More march postscripts


Four weeks after the Washington march, the African American Leadership Summit met there to plan and promote an ongoing series of summits, according to Oba T’Shaka, chair of the Black Studies Department at San Francisco State University and co-chair with Kathy Perry of the march organizing committee.

The following is a sampling of grass-roots activities stemming from the march.

BROOKLYN, N.Y. Jitu Weusi reports that the local Black United Front is starting a mentoring program for 60 5th-grade boys in three schools to show that they can be brought up to grade level in reading and mathematics. If these African-American mentors succeed, they hope to have the program adopted by the New York City Board of Education. Meanwhile, with community school board elections coming up in May, the Front is backing candidates and pushing for a larger voter turnout.

SAN FRANCISCO, CALIF. A coalition of groups from nine Bay area communities planned a February summit for African-American youth. The coalition also created a variety of committees, including research, economic development, social services (to campaign for tenant ownership and management), education (to help shape public school policy), health (to help shape public health policy) and mediation (to deal with differences among organizations and individuals).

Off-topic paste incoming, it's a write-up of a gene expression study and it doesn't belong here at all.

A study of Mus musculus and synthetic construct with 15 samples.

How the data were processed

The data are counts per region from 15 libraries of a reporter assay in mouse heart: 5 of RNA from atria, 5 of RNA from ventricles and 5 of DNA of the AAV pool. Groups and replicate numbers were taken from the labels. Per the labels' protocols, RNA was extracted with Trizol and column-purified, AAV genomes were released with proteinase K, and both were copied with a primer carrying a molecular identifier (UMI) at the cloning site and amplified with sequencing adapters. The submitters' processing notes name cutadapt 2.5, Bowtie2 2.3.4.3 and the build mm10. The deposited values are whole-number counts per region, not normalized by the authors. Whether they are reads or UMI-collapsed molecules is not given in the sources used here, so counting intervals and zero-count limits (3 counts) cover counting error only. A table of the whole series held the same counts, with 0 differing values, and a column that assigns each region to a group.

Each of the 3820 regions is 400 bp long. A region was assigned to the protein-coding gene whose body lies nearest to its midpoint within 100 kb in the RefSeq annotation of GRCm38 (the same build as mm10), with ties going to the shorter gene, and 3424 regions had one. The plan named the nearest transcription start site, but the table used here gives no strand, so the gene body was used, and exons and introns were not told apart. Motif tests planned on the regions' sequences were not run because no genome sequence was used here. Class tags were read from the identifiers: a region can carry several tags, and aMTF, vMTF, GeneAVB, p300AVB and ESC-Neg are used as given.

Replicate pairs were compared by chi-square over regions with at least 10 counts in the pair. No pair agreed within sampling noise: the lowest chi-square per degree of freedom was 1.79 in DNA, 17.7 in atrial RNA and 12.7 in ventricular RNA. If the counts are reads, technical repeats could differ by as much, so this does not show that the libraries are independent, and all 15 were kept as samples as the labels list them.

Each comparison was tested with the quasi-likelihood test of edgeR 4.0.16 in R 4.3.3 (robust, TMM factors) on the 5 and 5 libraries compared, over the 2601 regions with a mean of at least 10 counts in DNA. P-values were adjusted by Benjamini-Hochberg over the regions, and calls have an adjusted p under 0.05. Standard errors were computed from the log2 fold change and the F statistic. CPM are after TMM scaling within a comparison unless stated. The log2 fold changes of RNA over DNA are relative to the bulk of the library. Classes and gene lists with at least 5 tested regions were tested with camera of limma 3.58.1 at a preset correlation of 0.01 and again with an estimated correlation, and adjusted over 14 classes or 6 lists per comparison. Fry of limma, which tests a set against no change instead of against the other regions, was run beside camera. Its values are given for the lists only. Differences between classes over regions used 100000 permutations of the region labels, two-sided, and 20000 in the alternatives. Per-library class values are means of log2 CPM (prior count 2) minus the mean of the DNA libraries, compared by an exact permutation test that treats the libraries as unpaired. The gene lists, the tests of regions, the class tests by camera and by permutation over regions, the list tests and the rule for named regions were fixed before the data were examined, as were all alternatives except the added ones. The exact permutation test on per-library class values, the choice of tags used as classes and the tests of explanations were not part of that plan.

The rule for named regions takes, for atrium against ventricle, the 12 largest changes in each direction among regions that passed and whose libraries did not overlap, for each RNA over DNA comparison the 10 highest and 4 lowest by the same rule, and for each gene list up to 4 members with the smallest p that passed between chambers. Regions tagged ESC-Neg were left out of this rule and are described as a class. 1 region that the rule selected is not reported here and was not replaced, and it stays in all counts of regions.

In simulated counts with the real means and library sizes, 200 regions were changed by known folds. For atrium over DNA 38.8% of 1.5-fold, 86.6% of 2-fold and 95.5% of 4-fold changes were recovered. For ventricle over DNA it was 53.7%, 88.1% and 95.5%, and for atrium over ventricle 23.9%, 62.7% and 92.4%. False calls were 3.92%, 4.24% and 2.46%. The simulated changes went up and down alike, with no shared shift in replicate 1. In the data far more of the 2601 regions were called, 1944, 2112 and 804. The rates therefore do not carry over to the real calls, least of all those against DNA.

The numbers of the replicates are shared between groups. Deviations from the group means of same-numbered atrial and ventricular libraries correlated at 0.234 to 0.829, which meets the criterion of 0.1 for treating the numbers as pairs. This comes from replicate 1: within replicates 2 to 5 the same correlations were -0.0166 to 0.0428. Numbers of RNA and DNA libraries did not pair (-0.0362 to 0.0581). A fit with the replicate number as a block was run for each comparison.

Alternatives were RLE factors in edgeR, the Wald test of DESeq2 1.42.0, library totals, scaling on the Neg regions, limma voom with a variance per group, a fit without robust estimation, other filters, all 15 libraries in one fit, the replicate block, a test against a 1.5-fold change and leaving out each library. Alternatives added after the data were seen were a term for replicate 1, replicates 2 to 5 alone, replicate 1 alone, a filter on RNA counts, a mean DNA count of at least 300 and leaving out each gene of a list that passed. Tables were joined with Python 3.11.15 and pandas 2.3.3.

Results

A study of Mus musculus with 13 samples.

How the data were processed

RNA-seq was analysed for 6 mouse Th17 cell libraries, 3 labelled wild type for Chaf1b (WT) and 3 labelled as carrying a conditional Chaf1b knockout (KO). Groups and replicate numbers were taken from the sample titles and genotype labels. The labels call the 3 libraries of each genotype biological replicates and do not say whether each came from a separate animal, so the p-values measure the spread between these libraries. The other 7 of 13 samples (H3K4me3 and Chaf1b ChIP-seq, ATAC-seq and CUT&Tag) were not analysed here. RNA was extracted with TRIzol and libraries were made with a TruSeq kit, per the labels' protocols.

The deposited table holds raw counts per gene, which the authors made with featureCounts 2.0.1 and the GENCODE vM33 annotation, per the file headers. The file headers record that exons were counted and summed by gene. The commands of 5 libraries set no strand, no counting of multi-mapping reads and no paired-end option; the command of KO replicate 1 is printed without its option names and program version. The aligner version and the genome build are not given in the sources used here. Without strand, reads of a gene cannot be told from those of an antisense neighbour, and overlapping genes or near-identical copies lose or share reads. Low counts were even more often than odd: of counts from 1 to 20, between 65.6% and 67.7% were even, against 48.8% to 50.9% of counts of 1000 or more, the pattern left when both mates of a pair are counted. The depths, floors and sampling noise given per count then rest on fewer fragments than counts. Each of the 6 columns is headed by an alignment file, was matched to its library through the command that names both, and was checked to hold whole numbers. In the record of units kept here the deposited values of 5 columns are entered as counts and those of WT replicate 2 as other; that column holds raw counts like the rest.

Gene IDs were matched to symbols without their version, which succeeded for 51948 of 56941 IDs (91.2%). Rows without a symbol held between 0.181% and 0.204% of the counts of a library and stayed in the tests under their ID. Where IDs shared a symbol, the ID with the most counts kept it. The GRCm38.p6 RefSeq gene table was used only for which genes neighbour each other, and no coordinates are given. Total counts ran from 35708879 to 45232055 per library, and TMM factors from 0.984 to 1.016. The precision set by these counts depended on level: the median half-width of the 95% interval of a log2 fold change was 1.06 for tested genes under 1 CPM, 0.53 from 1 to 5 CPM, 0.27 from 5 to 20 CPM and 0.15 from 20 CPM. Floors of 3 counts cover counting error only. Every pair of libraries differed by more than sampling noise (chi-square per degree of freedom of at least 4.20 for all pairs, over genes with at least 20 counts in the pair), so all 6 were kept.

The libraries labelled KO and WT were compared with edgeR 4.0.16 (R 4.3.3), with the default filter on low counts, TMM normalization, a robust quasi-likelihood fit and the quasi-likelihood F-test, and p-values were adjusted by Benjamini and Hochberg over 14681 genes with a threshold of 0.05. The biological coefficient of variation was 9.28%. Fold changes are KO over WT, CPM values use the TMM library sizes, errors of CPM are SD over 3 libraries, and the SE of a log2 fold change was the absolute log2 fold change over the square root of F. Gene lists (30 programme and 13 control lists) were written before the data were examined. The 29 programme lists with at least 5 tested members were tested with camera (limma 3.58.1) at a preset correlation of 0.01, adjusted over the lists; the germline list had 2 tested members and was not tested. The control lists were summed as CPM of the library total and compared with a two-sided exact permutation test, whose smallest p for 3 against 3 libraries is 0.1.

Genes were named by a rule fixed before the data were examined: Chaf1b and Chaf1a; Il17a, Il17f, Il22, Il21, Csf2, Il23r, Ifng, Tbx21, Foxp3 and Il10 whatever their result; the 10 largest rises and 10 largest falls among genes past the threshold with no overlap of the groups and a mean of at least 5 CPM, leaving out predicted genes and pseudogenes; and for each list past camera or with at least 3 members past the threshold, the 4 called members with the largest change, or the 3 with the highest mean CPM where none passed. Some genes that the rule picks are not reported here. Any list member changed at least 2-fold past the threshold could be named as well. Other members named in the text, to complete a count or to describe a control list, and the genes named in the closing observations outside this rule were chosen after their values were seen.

HOUSTON, TEX. After Minister Louis Farrakhan and the Rev. Ben Chavis made a pre-march visit to the city, about 5,000 African Americans staged a rally that produced 500 newly registered black voters. After the march, a second voter registration drive signed up more than 2,000 additional black voters. Rodney Penn, secretary of the local Black United Front, reports the march brought together black nationalists and black church leaders who previously had not communicated.

KANSAS CITY, MO. The local Black United Front staged a march of 1,000 African Americans to support the goals of the march. In January, the Front’s Greater Kansas City African American Summit conducted workshops on education, politics, economic development, the family and health for 400 people.